Vancouver introduces new proactive measures in Downtown Eastside

THE City of Vancouver announced on Wednesday that it is taking additional steps to help ensure residents can access essential services and information, and stay safe, during the COVID-19 pandemic.

In preparation for the distribution of income assistance cheques on Wednesday, the City has been working with Pigeon Park Savings and Vancity to encourage bank account signups so that residents do not need to collect or cash cheques in person. Standard membership fees and ID requirements have been waived and this has resulted in nearly 200 new accounts being opened in the last month.

Pigeon Park Savings is also working with residents to offer a five-week savings plan to allow residents to access their income, including the new provincial emergency supplement ($900 over three months, $300 in April, May, and June) for Income Assistance recipients.

For residents collecting and cashing cheques in person, peer managers redeployed from the DTES Street Market funded by the City will help to manage high volume areas, including sidewalk spaces, continuing to encourage two metres of physical distance and at Income Assistance offices and Pigeon Park Savings.

Additional measures are also being taken in partnership with Vancouver Coastal Health to support enhanced access to critical information and services, including the opening of a community information and service point. The service point will start initially with overdose prevention services as of today and then other components will be added, including real time information for community members, access to peer work and other services as next steps.

The City is funding several peer work programs to upscale efforts to inform and distribute critical information. Karen Ward, City of Vancouver Advisor for COVID-19 Response and Drug Policy is on the ground in the DTES. Karen reminds residents to: “Wash your hands and stop touching your beautiful face. Go home if you have one”.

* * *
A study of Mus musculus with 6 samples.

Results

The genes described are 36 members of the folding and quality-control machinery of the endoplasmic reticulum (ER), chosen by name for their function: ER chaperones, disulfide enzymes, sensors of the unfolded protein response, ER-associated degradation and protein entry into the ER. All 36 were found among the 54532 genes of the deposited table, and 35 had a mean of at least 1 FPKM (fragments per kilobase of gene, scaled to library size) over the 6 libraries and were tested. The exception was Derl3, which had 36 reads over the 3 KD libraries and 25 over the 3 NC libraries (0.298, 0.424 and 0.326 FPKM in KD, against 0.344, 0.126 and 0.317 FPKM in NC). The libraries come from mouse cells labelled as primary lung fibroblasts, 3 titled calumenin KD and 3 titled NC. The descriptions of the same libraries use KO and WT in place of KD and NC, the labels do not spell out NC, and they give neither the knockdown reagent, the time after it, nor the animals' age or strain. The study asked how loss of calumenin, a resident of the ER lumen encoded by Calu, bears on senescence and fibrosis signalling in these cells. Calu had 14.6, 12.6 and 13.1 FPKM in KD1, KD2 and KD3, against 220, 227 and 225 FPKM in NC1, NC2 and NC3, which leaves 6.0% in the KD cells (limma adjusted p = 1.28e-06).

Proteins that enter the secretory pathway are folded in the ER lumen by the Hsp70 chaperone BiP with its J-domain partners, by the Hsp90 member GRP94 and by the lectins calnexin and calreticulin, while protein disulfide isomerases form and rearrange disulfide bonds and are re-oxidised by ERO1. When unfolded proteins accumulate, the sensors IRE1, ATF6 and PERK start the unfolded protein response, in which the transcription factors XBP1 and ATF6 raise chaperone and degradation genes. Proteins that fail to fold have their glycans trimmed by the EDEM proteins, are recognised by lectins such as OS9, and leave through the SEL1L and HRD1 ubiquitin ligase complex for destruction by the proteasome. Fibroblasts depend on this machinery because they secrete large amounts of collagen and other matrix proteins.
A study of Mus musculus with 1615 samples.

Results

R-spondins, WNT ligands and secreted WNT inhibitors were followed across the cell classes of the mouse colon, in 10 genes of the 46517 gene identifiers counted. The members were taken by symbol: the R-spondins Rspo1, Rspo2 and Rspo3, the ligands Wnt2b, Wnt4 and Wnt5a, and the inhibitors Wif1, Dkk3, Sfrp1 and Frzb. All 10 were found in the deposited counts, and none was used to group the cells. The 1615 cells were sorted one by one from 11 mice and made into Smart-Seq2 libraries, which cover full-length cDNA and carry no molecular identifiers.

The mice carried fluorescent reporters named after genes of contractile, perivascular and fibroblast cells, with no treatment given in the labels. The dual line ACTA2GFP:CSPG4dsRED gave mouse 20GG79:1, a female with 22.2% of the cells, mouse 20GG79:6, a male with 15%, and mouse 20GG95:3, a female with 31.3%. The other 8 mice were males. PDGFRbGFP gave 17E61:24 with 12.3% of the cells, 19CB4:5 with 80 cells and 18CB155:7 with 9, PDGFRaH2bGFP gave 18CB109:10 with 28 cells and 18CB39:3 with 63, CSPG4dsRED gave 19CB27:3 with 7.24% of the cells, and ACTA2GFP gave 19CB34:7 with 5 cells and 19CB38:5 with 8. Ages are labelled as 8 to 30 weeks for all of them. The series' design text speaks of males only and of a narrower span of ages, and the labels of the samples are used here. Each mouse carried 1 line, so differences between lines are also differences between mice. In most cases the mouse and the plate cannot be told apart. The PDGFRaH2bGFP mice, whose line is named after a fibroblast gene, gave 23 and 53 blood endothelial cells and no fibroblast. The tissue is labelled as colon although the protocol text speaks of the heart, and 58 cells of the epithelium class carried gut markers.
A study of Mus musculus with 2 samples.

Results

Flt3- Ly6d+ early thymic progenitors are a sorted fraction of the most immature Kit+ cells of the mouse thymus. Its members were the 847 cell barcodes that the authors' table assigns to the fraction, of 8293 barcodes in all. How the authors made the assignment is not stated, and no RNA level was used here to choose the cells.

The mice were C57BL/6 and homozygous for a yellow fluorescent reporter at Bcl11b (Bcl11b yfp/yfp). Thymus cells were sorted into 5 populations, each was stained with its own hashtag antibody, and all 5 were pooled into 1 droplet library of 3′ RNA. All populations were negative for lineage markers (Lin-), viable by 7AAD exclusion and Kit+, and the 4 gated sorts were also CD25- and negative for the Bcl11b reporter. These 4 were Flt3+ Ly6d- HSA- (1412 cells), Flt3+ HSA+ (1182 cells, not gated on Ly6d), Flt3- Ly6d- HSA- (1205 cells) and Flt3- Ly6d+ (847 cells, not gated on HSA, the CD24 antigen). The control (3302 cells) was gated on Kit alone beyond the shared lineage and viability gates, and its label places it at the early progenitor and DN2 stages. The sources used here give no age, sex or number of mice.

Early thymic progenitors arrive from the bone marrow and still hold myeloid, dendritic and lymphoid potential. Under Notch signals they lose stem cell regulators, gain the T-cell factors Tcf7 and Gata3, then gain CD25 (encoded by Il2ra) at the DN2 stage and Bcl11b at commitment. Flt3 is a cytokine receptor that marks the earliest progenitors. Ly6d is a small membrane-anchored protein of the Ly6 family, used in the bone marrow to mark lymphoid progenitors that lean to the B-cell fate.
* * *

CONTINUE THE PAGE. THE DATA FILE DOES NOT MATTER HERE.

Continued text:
Sex workers in Vancouver have experienced significant hardship in the context of the pandemic. The City liaises directly with partners such as the Transitions Consortium and WISH Drop-In Centre to increase access to critical information, funding and resources, including cell phone donations from Telus. City staff are also working with partners to align additional food program initiatives for sex workers and scope out an emergency relief fund for workers in Vancouver.

The City provided $200,000 towards upscaling peer work and connecting non-profit organizations in new ways under the leadership of the Community Impact Real Estate Enhanced (CIRES) Community Stewardship Program. In the first week of operation, the CIRES program funded ten Sex Worker Peer positions, as well as an additional 62 peers who spend more than 1,100 hours per week on outreach and meeting the basic needs of people who identify as women, people experiencing homelessness, urban Indigenous residents and undocumented immigrants who are highly impacted by COVID-19.

Ingrid Mendez de Cruz, Executive Director of Watari, which has received funding from CIRES, said: “These funds are much appreciated by the community. It’s provided the ability for peer workers provide translated information and support to individuals who are undocumented and experiencing other challenges such as loss of income.” 

The City is planning to seek safe community spaces for public health and gathering in the neighbourhood, including spaces for outdoor food consumption and handwashing. A seating area outside of Evelyn Saller has been installed for residents accessing these food services.

In partnership with Vancouver Coastal Health and BC Housing, the City has worked to secure 478 spaces in hotels and in two Emergency Response Centres at community centres for people experiencing homelessness. Additionally, we have worked to secure food and cleaning support for some high risk SROs, improve access to hygiene and other supports for residents precariously housed.